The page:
The Church is concerned about both the general and religious education of the faithful. The people are deeply religious, but poorly educated.
The Philippines is the only country in Asia where Christians—in this case Catholics—form the overwhelming majority of the country. More than one-third of the population of some 100 million is under age 15; another 10 million Filipinos are living abroad. Reinhard Backes, who oversees projects in the country for international Catholic charity Aid to the Church in Need (ACN), just returned from a fact-finding mission to the Philippines.
By Maria Lozano
What is the main focus of the Church in the Philippines?
The Church is concerned about both the general and religious education of the faithful. The people are deeply religious, but poorly educated. To give one example, I attended a wedding on the island of Luzon. Ten couples were married at the same time, and all of them brought their children with them. There were quite a few of them. It was explained to me that many couples live together before marriage and only marry later, partly because they do not have the money—but also owing to a lack of understanding of the faith.
What impressed you most on this trip?
The work of the Silsilah dialogue movement on Mindanao, where the fighting over the past four decades between government forces and the Moro National Liberation Front (MNFL) has cost the lives of around 120,000 people. ACN has long been supporting this initiative by Father Sebastiano D’Ambra, and Italian priest from Sicily, and Minda Sano, a Filipina woman who herself comes from Mindanao. “Silsilah“ is Arabic for chain, link or connection; the movement has been working for 40 years to promote dialogue between the various religious and ethnic groups, to educate teachers, strive for social justice, help refugees and establish schools, among other vital initiatives.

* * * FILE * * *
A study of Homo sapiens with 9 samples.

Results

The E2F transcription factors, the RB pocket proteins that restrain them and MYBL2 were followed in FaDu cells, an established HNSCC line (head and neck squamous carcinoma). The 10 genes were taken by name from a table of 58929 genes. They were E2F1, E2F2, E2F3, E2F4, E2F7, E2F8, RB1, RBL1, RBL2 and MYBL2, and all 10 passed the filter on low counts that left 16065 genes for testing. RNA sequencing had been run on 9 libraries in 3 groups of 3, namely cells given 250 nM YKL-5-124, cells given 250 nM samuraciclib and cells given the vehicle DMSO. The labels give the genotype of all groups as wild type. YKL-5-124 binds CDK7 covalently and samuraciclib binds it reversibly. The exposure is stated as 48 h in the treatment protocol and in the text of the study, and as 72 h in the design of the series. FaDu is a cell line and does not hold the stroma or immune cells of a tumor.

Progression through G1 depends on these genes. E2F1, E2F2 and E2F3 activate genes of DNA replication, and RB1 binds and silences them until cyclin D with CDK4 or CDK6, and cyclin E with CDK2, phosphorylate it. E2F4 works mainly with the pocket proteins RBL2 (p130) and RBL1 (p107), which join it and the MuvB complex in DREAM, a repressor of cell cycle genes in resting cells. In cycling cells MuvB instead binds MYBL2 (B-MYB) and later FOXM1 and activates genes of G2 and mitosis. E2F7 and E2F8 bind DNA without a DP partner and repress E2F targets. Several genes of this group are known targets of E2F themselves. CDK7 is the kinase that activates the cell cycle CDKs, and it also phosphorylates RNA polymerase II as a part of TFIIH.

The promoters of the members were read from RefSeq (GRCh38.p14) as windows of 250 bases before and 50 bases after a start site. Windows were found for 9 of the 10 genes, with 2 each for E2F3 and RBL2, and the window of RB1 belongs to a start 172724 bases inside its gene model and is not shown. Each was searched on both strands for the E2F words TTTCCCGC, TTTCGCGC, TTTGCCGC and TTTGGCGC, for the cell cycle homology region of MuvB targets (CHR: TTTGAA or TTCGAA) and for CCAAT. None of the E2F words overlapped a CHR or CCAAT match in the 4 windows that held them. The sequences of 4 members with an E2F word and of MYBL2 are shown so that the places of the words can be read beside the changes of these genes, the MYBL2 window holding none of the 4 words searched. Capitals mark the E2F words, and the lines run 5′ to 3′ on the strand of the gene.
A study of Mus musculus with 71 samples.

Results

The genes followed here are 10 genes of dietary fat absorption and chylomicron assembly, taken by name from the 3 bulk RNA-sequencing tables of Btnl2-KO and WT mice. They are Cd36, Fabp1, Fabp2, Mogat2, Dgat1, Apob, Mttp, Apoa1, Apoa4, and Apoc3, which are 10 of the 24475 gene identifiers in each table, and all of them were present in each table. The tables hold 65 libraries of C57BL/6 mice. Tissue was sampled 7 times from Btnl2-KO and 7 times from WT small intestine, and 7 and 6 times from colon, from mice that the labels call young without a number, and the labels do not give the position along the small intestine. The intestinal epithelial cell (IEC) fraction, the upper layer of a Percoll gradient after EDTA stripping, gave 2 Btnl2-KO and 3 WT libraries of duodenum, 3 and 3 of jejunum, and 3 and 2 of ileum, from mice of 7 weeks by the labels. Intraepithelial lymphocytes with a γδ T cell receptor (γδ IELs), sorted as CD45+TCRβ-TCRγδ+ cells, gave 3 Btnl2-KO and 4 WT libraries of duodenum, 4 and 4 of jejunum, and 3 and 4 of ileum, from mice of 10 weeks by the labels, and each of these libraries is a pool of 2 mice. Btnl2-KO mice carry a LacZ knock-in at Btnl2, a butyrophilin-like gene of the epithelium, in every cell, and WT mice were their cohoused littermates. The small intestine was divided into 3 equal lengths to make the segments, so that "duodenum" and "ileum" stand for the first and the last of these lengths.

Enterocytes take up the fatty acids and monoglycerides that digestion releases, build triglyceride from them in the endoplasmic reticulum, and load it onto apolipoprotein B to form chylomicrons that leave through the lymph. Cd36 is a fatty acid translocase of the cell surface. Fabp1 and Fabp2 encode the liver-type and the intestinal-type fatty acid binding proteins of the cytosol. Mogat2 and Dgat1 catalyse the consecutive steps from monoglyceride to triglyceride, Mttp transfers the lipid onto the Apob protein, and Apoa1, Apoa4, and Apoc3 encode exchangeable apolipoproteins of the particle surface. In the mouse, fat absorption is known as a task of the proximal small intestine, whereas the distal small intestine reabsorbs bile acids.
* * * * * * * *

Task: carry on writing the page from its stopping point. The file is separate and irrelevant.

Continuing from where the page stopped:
Roughly 60 percent of the population of Mindanao is Christians, with Muslims accounting for the other 40 percent. However, on other islands, Muslims are in the majority, for example on Basilan. In some of those areas the extremist group “Abu Sayyaf“ (or Sword Fighters) is active, launching attacks and abducting people for ransom oney. In the past there have been repeated assassinations of priests, religious and ordinary faithful. However, the Silsilah movement has never allowed itself to be intimidated by the violence. Again and again its representatives encourage Muslims and Christians to come together and talk, building up trust and caring for the suffering victims on both sides.
What are the local Church’s biggest needs at present?
An estimated 10,000 people died as the result of typhoon Yolanda on the island of Leyte in 2013. There was widespread devastation; many churches were destroyed, as well as the seminary in the Archdiocese of Palo. This was a one-storey building not far from the coast, which was totally devastated. ACN has already helped the archdiocese to rebuild 10 churches. Now Archbishop John Forrosuelo Du has asked us to help for the rebuilding of the seminary as well. The work has already begun in fact, and the first seminarians are already living in the half-finished complex. They are now building a massive multi-story building that will hopefully be able to withstand future natural disasters.